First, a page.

Economic recovery in the eurozone is outpacing both the UK and US economies with the single-currency bloc growing by 0.4% between January and March this year, it was reported on Friday.
This recovery was reportedly boosted by a return to growth in France and Italy. The French economy exceeded expectations by expanding by 0.6% in the first quarter, following zero growth in the previous quarter, while Italy’s GDP grew by 0.3%. Spain’s economy expanded by 0.9% in the same period.
Growth in the UK unexpectedly halved to 0.3% in the first three months of this year and the US economy was stagnant with growth of just 0.1%.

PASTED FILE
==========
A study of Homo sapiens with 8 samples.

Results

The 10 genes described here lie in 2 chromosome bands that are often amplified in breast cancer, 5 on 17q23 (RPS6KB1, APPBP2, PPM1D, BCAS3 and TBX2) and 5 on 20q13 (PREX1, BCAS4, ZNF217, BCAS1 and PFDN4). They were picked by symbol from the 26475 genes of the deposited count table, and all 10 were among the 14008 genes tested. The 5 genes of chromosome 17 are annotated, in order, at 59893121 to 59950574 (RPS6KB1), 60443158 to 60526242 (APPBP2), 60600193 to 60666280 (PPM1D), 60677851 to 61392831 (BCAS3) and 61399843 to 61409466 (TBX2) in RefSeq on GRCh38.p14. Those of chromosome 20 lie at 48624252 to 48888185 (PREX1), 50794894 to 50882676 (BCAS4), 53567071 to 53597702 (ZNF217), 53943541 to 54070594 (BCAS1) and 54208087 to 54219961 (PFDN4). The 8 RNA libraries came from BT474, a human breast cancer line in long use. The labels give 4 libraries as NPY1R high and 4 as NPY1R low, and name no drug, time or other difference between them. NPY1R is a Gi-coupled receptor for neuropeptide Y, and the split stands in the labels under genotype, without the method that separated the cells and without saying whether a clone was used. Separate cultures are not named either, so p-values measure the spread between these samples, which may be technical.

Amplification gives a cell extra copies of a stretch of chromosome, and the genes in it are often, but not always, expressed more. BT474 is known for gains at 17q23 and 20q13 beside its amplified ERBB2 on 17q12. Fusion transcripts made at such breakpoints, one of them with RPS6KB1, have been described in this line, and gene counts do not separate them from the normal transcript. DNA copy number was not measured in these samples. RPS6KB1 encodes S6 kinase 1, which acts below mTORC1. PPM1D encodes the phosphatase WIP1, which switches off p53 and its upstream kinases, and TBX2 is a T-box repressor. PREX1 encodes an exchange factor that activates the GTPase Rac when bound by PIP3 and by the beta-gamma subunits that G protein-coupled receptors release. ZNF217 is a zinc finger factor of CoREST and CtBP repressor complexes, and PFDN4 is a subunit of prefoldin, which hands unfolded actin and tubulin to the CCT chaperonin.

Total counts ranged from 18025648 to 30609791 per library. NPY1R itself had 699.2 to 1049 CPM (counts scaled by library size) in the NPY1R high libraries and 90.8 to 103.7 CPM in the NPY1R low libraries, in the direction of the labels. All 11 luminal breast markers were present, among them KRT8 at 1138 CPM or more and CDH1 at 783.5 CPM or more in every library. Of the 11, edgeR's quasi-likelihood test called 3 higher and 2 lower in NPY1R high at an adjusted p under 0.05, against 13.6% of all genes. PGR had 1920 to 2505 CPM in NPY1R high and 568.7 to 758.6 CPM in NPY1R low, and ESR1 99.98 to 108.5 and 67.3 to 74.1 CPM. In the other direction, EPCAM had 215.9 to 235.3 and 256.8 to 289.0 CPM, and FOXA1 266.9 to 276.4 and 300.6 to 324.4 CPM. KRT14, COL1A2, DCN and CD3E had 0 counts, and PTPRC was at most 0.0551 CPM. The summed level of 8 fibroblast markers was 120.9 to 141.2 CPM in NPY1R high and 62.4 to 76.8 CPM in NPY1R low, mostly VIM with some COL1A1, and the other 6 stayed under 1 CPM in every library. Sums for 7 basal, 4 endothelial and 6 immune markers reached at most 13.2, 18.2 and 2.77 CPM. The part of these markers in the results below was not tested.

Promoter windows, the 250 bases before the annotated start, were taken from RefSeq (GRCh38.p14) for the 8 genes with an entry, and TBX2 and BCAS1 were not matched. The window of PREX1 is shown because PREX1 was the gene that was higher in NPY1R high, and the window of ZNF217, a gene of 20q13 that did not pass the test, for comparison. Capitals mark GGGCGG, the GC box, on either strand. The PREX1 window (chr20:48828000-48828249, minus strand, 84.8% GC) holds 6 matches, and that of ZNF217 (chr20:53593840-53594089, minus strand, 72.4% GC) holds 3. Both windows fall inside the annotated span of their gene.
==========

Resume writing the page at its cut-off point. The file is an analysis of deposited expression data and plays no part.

Also, growth in Germany, Europe’s largest economy, has more than halved to 0.3% when compared to 0.7% in the fourth quarter of 2014. Net trade was said to be a drag, with imports growing at a faster rate than exports.
Greece returned to recession, with its economy shrinking by 0.2% in the first three quarter of 2016, which followed a 0.4% fall in GDP in the previous quarter.
According to the BBC, Eurostat figures also revealed that the eurozone’s unemployment rate dropped to 10.2% in March, the lowest rate for four-and-a-half years.
Latest figures are said to indicate that the economy in the eurozone is now larger than it was before the start of the financial crisis eight years ago. Lower oil prices have been of benefit to the eurozone, while looser governmental budgetary policies have resulted in resources being freed up in some of the region’s debt-laden economies.
The European Central Bank (ECB) is aiming to keep the headline inflation close to, but below, 2%. It cut interest rates further in March this year and expanded its bond-buying stimulus programme in an attempt to drive growth in the eurozone and push up inflation.